F Heritage History | Hannah of Kentucky by James Otis
Contents 
Front Matter At Boonesborough Beginning of the Story Boone on the Yadkin Boone Moves his Family Ready for the Journey What we Wore Driving Cattle and Sheep Camping at Nightfall The Long Halt Jimmy Boone Goes to Clinch Murder of Jimmy Boone A Time of Mourning The Faint-hearted Return A New Home Making Moccasins Tanning Leather Governor Dunmore Our Home on the Clinch Household Duties Attacked by a Wildcat Fighting the Wildcat Boone and Father Return The Wilderness Road Building the Forts Boonesborough Gathering Salt Boonesborough Precautions Our Home in the Fort Ready for Cooking Furnishing the House The Hominy Block The Supply of Water Sports Inside the Fort Wrestling and Running Religion of the Indians Indian Babies Colonel Callaway Arives News from Eastern Colonies Venturing Outside the Fort Dividing the Land Who Owned Kentucky? Ready to Build a Home Billy's Hard Lot Preparing Flax Spinning and Soap Making Broom Making More Indian Murders Indian "Signs" Woodcraft and Hunting Pelts Used as Money Petition of the Settlers Making Sugar Building Fences Capture of the Girls My Willful Thoughts Finding the Trail The Pursuit The Story Told by Jemima Elizabeth's Heroism Rescuing the Girls Alarm Among the Settlers Indians on the Warpath The First Wedding The Wedding Festivities The Brides Home The Housewarming Attacks by the Indians Besieged by the Savages In the Midst of the Fight The Assault by the Indians Failure of the Assault Watchfulness of the Indians The Sortie My Father Wounded Our Wounded

Hannah of Kentucky - James Otis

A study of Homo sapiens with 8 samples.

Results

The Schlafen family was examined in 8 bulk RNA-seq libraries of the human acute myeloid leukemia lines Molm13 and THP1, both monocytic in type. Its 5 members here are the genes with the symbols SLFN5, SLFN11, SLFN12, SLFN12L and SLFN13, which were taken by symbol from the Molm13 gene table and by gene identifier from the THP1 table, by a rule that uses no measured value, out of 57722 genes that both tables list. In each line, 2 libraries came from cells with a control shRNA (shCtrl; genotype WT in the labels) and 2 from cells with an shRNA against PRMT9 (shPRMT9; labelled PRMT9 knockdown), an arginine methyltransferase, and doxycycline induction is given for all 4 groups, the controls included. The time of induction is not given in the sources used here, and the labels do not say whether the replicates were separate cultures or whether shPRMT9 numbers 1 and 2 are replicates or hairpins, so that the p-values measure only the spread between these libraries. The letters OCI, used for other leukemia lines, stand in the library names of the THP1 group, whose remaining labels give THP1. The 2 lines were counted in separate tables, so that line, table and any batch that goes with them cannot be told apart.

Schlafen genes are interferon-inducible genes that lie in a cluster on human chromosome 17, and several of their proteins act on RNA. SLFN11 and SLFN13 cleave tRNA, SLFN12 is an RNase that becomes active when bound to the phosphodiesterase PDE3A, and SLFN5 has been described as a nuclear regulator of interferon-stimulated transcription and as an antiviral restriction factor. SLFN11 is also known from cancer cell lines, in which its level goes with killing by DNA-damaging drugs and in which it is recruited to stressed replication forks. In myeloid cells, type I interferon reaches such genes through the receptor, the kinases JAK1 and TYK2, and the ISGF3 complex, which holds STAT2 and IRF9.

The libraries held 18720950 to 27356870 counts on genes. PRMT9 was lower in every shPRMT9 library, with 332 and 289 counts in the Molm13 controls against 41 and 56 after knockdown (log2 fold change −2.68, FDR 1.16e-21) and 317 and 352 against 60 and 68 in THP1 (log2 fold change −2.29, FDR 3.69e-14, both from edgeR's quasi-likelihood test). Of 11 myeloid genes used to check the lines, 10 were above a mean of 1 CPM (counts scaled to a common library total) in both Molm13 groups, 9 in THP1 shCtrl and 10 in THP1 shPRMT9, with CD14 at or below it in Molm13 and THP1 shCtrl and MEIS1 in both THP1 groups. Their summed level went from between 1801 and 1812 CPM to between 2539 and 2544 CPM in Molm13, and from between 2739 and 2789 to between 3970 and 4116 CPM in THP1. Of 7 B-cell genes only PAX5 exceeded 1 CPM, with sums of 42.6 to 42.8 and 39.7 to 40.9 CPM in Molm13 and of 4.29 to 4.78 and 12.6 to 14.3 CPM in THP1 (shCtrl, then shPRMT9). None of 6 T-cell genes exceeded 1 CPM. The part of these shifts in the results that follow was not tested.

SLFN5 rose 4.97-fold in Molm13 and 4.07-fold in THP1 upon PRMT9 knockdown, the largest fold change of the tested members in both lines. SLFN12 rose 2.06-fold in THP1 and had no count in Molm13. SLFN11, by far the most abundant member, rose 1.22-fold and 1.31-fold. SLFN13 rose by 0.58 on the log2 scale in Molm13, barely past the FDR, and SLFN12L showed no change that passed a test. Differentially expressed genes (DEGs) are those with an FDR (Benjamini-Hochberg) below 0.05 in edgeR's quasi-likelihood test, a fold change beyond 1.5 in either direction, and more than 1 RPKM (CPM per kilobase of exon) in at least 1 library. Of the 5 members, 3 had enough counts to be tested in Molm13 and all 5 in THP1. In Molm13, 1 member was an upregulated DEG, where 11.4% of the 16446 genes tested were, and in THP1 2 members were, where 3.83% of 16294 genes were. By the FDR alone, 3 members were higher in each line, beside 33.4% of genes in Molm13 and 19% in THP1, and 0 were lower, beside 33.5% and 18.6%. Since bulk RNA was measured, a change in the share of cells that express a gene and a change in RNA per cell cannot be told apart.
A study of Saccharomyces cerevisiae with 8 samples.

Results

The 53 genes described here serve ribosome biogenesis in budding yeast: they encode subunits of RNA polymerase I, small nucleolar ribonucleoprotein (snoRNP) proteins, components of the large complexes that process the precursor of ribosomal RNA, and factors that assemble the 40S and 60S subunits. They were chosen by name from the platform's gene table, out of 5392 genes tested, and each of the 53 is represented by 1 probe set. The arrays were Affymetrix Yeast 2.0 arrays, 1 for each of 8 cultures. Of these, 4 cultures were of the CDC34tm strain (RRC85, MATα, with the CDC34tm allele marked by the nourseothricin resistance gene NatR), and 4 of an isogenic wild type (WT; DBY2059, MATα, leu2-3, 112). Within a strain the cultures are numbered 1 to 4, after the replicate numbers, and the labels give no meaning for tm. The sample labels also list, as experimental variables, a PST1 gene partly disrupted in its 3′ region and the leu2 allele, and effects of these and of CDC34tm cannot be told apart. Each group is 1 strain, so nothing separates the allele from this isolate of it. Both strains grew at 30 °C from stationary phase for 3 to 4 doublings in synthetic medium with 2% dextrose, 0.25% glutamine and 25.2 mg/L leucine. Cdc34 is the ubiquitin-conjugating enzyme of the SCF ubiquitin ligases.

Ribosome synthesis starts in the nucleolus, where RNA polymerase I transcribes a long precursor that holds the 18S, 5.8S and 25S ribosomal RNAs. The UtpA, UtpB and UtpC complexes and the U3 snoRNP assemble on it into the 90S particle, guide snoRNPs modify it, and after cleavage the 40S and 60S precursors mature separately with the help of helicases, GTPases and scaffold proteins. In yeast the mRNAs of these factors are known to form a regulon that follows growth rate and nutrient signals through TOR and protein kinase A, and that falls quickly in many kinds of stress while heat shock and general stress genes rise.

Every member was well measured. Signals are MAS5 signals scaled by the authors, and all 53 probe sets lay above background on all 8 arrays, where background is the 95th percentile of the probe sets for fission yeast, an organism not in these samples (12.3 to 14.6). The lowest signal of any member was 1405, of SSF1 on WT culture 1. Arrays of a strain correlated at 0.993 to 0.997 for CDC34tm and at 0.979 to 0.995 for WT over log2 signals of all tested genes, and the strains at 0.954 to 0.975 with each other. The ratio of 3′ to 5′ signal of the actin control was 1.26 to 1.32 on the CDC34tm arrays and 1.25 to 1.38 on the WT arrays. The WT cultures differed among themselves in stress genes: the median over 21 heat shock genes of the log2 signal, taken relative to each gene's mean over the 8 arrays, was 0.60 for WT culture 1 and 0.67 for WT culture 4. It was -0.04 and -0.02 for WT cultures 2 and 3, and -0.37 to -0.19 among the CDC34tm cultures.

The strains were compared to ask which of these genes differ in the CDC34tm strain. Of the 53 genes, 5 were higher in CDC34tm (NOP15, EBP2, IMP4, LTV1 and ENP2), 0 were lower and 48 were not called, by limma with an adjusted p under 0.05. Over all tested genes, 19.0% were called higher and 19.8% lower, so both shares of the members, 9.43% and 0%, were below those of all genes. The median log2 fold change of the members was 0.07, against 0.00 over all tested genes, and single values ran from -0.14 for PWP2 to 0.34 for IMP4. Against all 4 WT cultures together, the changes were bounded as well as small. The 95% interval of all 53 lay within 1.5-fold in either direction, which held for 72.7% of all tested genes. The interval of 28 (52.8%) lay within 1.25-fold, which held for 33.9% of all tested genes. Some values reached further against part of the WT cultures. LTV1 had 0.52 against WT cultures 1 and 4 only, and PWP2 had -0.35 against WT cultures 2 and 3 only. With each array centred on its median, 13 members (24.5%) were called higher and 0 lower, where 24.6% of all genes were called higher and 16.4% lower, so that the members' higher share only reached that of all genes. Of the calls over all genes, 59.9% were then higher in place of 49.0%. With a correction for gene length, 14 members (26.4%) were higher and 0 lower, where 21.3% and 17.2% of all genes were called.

Indian Babies

It does not seem reasonable that people who delight in torturing others could have any love for their own family, and yet father says that a squaw takes as good care of a baby, after her own fashion, as does a white woman.

What amused Billy and was his description of an Indian cradle. It is nothing more than a thin board with a foot rest at the bottom covered with soft moss, so that the child, when laid on, the board, shall not bruise its feet; at the top there is a stout wooden hoop which extends out three or four inches so that the child's head may be protected from swinging boughs or falling branches when the mother carries it on her back, as she always does while attending to her work in the cornfield or the lodge.

The baby is wrapped in strips of softest deer hide, the bandages beginning at the feet and winding around until even the arms and hands are bound tightly to the child's sides, while the face, except for the hood of which I have spoken, is left ' uncovered. There are two holes, one on either side of the upper end of the board, through which are passed thongs of buck skin, serving to tie the cradle, baby, and all, on the mother's back; for fastenings are passed over her shoulders, under her arms, and then tied to the bottom of the board in such a fashion that even though she bends over at her work of hoeing or cooking, the odd cradle cannot move about.